This artical made me think of dwot and her articals about wages. The coming depression is due to low wages.
The Heart of the Economic Mess
By Robert B. Reich, Robert Reich's Blog. Posted August 4, 2008.
Most Americans can no longer maintain their standard of living. And the core problem isn't the housing crisis or rising oil and food prices. Excerpts from this artical. The Federal Reserve Board's "beige book" for June and July offers a clear explanation for why the economy has slowed to a crawl. It shows American consumers cutting way back on their purchases of everything from food to cars, appliances and name-brand products. As they do so, employers inevitably are cutting back on the hours they need people to work for them, thereby contributing to a downward spiral. The heart of the matter isn't the collapse in housing prices or even the frenetic rise in oil and food prices. These are contributing to the mess, but they are not creating it directly. The basic reality is this: For most Americans, earnings have not kept up with the cost of living. This is not a new phenomenon, but it has finally caught up with the pocketbooks of average people.This underlying earnings problem has been masked for years as middle- and lower-income Americans found means to live beyond their paychecks. But they have now run out of such coping mechanisms.
If you look at the earnings of nongovernment workers, especially the hourly workers who comprise 80 percent of the work force, you'll find they are barely higher than they were in the mid-1970s, adjusted for inflation.
The income of a man in his 30s is now 12 percent below that of a man his age three decades ago.
Per-person productivity has grown considerably since then, but most Americans have not reaped the benefits of those productivity gains. They've gone largely to the top.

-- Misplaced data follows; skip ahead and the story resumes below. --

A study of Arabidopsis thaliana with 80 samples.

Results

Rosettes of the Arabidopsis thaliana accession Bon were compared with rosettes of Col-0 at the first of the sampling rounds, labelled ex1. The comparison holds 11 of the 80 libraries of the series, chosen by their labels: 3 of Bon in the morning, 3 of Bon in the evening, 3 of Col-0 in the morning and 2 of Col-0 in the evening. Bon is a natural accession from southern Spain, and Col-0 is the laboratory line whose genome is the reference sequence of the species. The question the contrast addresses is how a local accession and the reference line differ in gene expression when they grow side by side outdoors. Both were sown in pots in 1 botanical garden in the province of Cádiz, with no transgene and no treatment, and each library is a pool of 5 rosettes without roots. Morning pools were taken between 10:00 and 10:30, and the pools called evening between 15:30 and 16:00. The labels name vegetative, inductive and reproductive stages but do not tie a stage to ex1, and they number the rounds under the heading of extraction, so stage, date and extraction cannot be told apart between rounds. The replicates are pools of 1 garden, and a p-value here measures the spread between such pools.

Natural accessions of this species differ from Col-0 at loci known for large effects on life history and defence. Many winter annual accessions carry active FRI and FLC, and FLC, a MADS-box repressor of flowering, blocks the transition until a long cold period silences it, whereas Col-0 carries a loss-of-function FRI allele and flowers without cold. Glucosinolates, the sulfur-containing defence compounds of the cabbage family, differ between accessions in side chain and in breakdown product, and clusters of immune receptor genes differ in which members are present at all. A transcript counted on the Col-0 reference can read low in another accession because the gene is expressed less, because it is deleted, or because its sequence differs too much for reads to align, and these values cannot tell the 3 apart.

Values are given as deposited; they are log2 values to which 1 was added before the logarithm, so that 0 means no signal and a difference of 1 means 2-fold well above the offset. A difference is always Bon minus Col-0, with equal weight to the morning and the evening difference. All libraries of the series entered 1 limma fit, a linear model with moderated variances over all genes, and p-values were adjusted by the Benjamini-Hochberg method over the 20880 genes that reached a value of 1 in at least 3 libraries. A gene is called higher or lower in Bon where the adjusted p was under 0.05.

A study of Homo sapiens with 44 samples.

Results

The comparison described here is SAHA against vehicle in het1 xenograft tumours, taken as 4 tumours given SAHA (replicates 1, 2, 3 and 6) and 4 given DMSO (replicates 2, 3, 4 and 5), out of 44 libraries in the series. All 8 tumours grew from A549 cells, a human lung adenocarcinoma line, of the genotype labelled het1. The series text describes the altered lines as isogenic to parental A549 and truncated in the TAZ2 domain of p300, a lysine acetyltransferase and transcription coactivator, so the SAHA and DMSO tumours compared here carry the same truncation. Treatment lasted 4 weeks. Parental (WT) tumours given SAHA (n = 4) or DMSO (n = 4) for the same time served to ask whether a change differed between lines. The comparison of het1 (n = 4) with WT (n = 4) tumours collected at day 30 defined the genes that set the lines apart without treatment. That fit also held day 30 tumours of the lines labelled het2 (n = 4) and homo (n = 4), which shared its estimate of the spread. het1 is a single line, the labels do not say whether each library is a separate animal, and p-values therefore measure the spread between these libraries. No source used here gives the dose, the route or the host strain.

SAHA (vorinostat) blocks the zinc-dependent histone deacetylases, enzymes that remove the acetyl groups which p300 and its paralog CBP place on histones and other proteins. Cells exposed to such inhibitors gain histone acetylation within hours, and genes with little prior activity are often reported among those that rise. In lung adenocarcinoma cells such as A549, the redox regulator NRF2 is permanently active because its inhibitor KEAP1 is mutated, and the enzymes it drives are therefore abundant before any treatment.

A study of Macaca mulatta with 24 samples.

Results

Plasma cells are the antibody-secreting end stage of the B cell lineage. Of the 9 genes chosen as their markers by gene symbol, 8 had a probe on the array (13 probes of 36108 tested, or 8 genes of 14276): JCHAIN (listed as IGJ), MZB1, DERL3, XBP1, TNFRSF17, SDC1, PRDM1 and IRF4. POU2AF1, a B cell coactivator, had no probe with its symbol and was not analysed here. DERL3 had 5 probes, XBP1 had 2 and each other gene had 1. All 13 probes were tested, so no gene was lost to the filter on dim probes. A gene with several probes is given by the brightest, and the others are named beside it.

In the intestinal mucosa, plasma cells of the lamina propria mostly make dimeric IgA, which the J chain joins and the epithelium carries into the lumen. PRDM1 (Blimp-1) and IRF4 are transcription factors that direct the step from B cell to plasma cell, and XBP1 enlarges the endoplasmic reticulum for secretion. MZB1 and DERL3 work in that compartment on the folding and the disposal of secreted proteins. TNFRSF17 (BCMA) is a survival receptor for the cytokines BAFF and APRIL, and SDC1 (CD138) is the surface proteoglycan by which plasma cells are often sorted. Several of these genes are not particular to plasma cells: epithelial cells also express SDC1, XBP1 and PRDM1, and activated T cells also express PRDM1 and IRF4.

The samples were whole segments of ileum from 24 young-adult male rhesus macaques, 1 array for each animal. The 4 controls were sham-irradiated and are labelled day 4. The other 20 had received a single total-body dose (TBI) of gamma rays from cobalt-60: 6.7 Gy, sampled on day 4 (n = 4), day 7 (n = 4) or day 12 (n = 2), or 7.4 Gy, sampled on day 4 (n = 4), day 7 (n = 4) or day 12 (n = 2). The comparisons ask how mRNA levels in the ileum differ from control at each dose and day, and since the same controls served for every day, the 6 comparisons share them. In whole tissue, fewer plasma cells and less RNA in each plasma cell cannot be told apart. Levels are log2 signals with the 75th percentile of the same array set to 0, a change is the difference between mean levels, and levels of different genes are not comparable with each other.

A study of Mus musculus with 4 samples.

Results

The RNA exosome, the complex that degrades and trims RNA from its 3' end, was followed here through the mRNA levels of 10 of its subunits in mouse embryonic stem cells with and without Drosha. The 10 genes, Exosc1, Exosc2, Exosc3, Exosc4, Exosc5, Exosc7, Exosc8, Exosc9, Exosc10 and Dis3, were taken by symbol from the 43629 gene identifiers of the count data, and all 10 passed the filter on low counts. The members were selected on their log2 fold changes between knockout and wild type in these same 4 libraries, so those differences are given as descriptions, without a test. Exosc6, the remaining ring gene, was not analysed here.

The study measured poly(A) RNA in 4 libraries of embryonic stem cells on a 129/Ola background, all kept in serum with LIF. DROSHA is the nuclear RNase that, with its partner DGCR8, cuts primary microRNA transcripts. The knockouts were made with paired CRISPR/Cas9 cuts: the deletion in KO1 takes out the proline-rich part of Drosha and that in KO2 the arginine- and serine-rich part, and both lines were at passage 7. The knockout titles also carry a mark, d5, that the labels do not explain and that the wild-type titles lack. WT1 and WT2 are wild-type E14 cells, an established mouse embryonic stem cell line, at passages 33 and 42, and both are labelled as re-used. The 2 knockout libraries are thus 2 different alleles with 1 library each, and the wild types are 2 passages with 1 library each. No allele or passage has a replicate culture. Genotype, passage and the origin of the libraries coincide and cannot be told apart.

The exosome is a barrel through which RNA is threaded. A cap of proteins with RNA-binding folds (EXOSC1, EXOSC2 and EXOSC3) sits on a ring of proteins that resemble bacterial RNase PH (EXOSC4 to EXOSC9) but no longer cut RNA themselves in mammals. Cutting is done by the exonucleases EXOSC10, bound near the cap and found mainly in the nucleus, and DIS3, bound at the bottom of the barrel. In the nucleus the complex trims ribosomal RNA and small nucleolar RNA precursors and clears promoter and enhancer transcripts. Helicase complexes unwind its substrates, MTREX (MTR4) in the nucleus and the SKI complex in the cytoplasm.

So Americans turned to a second way of spending beyond their hourly wages: They worked more hours. The typical American now works more each year than he or she did three decades ago. Americans became veritable workaholics, putting in 350 more hours a year than the average European, more even than the notoriously industrious Japanese. But there's also a limit to how many hours Americans can put into work, so Americans turned to a third coping mechanism: They began to borrow. With housing prices rising briskly through the 1990s and even faster from 2002 to 2006, they turned their homes into piggy banks by refinancing home mortgages and taking out home-equity loans. But this third strategy also had a built-in limit. And now, with the bursting of the housing bubble, the piggy banks are closing. As a result, typical Americans have run out of coping mechanisms to keep up their standard of living. That means there's not enough purchasing power in the economy to buy all the goods and services it's producing. We're finally reaping the whirlwind of widening inequality and ever-more-concentrated wealth. I say IF Fortune 500 companies did the right thing and cut their pay and raised the pay of middle and low pay workers we wouldn't have a depression just a recession. I wish they would but they won't so depression it is.